1. L Call1,
  2. B Stoll1,
  3. S Garcia1,
  4. C Bauchart-Thevret1,
  5. J Donnelly1,
  6. F Sheikh2,
  7. A Akinkuotu2,
  8. O Olutoye2,
  9. A Wittke3,
  10. D Burrin1
  1. 1Pediatrics, Children’s Nutrition Research Center/ Baylor College of Medicine, Houston, USA
  2. 2Surgery, Texas Children’s Hospital Division of Pediatric Surgery, Houston, USA
  3. 3Nutrition, Mead Johnson Pediatric Nutrition Institute, Houston, USA

Abstract

Background and aim Studies in premature infants and animals show that carbohydrate malabsorption and gut microbiota colonisation are key elements for triggering necrotizing enterocolitis (NEC). Our aim was to determine how dietary carbohydrate composition affects the metabolomic profile and whether unique metabolite signatures correlate with NEC incidence.

Methods Cecal contents and plasma were collected from a group of preterm pigs at birth and from three groups fed formula containing either lactose, corn syrup solids (CSS) or a 1:1 mixture of lactose:CSS (MIX) as the sole carbohydrate. We performed metabolomic analysis by LC/GC mass spectroscopy, clinical and histological NEC scoring, and distal ileum tissue expression of inflammatory markers.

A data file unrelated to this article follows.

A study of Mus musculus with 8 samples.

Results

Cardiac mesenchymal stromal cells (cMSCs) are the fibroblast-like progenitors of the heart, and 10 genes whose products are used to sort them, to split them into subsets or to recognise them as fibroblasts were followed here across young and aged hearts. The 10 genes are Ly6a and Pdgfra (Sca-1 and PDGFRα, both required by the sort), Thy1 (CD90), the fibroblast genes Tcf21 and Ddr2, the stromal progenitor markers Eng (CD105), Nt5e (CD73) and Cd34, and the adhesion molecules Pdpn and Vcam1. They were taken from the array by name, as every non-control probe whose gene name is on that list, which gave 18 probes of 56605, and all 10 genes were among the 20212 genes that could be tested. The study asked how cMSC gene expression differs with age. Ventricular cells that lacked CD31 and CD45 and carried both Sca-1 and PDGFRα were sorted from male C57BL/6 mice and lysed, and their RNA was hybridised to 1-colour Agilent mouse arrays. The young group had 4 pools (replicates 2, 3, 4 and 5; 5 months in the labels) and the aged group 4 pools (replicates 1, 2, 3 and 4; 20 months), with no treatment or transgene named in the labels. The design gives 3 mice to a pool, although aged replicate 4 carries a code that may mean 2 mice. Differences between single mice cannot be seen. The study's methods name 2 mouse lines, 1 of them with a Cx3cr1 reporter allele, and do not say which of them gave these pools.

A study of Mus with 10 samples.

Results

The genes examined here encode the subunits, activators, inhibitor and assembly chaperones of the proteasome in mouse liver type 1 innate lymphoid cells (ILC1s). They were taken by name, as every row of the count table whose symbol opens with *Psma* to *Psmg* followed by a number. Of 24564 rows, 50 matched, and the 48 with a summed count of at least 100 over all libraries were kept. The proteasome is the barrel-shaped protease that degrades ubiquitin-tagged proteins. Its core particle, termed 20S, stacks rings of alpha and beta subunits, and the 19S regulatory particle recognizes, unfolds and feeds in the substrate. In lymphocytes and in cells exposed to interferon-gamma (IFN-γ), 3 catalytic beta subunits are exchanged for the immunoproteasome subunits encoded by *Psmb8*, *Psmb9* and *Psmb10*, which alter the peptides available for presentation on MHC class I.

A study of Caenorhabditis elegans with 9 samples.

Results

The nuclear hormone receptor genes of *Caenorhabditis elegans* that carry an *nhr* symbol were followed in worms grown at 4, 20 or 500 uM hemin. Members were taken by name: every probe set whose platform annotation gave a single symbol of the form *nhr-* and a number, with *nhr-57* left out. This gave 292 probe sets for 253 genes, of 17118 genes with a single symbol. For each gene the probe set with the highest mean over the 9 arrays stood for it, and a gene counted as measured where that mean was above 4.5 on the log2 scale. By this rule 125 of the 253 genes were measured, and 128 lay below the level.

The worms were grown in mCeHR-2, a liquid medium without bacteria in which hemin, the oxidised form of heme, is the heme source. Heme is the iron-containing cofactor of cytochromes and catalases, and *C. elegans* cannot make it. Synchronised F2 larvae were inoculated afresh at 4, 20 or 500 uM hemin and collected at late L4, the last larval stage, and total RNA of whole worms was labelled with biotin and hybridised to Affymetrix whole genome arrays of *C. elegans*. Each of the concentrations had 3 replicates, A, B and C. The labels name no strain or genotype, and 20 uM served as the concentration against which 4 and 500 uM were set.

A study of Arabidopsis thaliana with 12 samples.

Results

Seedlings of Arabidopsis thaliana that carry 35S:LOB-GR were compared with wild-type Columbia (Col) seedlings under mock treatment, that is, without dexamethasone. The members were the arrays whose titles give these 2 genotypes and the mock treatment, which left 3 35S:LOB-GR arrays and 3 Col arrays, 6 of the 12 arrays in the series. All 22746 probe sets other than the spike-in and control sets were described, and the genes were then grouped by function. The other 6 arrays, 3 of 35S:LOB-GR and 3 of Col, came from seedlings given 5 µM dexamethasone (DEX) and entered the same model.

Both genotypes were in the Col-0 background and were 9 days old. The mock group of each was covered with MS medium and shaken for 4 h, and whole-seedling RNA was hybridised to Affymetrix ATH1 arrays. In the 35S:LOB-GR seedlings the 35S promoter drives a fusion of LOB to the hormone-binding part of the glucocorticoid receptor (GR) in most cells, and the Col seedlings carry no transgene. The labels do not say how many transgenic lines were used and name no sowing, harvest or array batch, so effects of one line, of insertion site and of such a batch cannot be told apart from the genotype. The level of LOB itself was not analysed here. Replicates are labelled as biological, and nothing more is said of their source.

Results Based on clinical and histological scores NEC incidence rates were 12%, 35%, and 40% in the lactose, CSS and MIX groups, respectively. Ileum inflammatory markers (IL-8, IL-6, and IL1b) were highest in CSS vs. MIX and lactose groups and also correlated with NEC. Metabolomic analysis showed that lactose vs. CSS formula increased abundance of several cecal endocannabinoids. CSS and MIX formula increased plasma histamine, cecal and plasma lactate, beta-hydroxybutyrate, and butanediol, and decreased the abundance of several primary and secondary bile acids vs. lactose fed pigs.

Conclusions We conclude that lactose-based formula protects against inflammation and NEC and that this correlates with increased cecal levels of anti-inflammatory neurotransmitters and reduced levels of carbohydrate fermentation products and bile acids. This novel finding suggests that endocannabinoids, normally found in breast milk, may be produced endogenously and modulate inflammation in preterm neonates fed a lactose-based formula.